American Optimism?

Mort Zuckerman wrote an article about the end of American Optimism today in the Wall Street Journal. Over at the Financial Times, the lead article is one about how China has moved ahead of Japan. China is now the second largest economy in the world. No doubt, they will eventually be larger than the US.

Is this a cause for concern?

No! What we need instead of a rush to panic judgement is clear eyed analysis. Size of an economy doesn’t win an Olympic gold medal. The metrics of a good economy are freedom, standard of living and quality of life. By all those metrics the US is far ahead of most anyone that anybody would care to compare us to.

No doubt, there are significant hurdles in the way. But, virtually every hurdle can be overcome.  Most have a similar root cause-incorrect incentives caused by government.  Others are more structural and long term-but the heights America needs to climb are not insurmountable.

Currently, we are still in a period of deleveraging. This is a painful process that takes time. Unfortunately, the focus of our government is to use government solutions to virtually every problem.  What they should be doing is managing the process by cutting back government reach and letting the market sort itself out.

The stock market action of late is telling.  There is no confidence in our leadership.  It’s fall allergy season and the market has an allergy to rallies!  Tremendous uncertainty in the outcome of financial regulation has caused everyone to pull back.  Banks are stuffing money into their mattresses by only investing in government securities. Money velocity is non existent.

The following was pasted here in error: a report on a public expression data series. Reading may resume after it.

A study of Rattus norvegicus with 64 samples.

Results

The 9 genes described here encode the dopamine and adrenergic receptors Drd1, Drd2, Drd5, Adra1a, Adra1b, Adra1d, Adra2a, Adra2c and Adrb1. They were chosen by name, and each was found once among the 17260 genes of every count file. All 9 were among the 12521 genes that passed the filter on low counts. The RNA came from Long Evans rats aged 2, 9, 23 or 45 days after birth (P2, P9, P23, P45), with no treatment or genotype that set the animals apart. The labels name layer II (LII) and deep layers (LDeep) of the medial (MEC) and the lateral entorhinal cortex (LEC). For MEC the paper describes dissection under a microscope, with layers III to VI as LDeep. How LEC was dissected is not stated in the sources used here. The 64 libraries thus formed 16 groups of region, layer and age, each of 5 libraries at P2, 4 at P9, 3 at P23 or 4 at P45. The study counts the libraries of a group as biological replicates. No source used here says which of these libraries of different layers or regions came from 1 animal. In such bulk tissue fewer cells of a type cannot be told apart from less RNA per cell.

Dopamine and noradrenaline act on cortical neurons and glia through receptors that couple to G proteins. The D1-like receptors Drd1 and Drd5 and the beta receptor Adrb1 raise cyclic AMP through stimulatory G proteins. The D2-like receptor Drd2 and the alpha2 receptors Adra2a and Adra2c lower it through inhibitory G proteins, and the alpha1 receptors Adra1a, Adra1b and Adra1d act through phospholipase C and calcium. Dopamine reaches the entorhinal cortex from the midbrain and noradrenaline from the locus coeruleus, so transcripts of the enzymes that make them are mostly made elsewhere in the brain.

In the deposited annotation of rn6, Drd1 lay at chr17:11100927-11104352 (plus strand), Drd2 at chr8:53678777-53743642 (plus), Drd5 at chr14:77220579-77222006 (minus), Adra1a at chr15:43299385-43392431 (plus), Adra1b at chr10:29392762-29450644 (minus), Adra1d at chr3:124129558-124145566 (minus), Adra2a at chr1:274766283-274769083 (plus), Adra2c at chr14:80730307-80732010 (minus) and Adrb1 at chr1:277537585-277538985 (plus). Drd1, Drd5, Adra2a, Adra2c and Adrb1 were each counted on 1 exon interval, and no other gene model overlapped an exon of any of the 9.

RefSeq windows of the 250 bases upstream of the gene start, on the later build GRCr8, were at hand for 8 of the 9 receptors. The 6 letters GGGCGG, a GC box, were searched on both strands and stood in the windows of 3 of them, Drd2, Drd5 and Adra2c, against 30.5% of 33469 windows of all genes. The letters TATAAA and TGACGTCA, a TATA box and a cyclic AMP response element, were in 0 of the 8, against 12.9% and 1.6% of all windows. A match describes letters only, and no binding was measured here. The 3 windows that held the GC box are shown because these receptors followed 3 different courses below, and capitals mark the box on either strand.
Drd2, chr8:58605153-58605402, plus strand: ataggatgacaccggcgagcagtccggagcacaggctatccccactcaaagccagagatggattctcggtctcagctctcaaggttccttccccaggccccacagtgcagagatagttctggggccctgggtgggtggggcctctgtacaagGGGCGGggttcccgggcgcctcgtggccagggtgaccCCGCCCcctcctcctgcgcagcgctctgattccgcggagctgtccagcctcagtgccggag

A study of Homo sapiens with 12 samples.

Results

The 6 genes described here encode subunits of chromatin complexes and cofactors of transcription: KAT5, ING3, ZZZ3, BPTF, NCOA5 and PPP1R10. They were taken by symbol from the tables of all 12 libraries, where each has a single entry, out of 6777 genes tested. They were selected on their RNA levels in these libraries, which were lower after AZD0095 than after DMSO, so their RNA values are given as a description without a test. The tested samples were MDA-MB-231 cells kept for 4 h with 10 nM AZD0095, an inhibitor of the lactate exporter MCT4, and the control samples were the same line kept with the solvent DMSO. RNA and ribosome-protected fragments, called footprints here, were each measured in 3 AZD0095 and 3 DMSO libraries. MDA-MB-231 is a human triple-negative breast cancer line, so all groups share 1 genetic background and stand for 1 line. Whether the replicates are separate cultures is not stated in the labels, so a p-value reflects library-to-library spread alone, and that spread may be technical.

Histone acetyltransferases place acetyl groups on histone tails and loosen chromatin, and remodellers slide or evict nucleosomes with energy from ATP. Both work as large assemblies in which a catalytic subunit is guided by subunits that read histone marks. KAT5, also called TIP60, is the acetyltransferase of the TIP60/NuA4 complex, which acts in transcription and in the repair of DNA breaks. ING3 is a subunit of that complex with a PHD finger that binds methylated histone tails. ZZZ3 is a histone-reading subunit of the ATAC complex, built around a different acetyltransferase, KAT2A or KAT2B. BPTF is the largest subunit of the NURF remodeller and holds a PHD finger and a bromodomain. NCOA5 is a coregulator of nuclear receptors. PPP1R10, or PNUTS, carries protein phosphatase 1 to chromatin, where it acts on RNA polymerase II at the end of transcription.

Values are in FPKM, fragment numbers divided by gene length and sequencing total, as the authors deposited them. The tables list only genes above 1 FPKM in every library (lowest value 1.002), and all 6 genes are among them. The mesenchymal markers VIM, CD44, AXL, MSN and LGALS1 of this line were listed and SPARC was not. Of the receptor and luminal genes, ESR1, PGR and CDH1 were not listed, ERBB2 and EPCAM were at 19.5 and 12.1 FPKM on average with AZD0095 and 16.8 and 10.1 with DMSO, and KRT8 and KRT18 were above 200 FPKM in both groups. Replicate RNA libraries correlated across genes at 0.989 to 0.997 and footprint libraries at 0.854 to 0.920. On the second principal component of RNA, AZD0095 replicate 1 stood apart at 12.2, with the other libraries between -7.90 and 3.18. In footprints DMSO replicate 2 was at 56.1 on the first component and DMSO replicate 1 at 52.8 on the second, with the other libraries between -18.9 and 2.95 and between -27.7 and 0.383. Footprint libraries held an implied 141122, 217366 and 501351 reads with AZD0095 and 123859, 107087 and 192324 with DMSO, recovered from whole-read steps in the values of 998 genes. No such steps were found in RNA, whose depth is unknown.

Another aspect of this whole pessimistic view is the aging of the American population.   Baby boomers are bald and gray haired today.  Today’s Chicago Sun Times had an article by Rick Morrisey on Babe Ruth.  

“You reach an age when you begin to believe the world is worse than it used to be. I don’t know what age that is. Forty? Fifty? Whatever, it just happens.

You start to look at the past through the lens of a hazy, pleasant sentimentality, and it makes the present look harsh by comparison. That’s certainly the way it is with sports. Today’s athlete is angry, greedy and self-absorbed — not like the athletes of the faded past, who were good and honest and helped widows across streets.”

American demographics are turning us into a nation of proverbial grumpy old men (and women).  The future is not as bleak as our minds are making it out to be.  There is hope, but we can’t rely on the government to give it to us.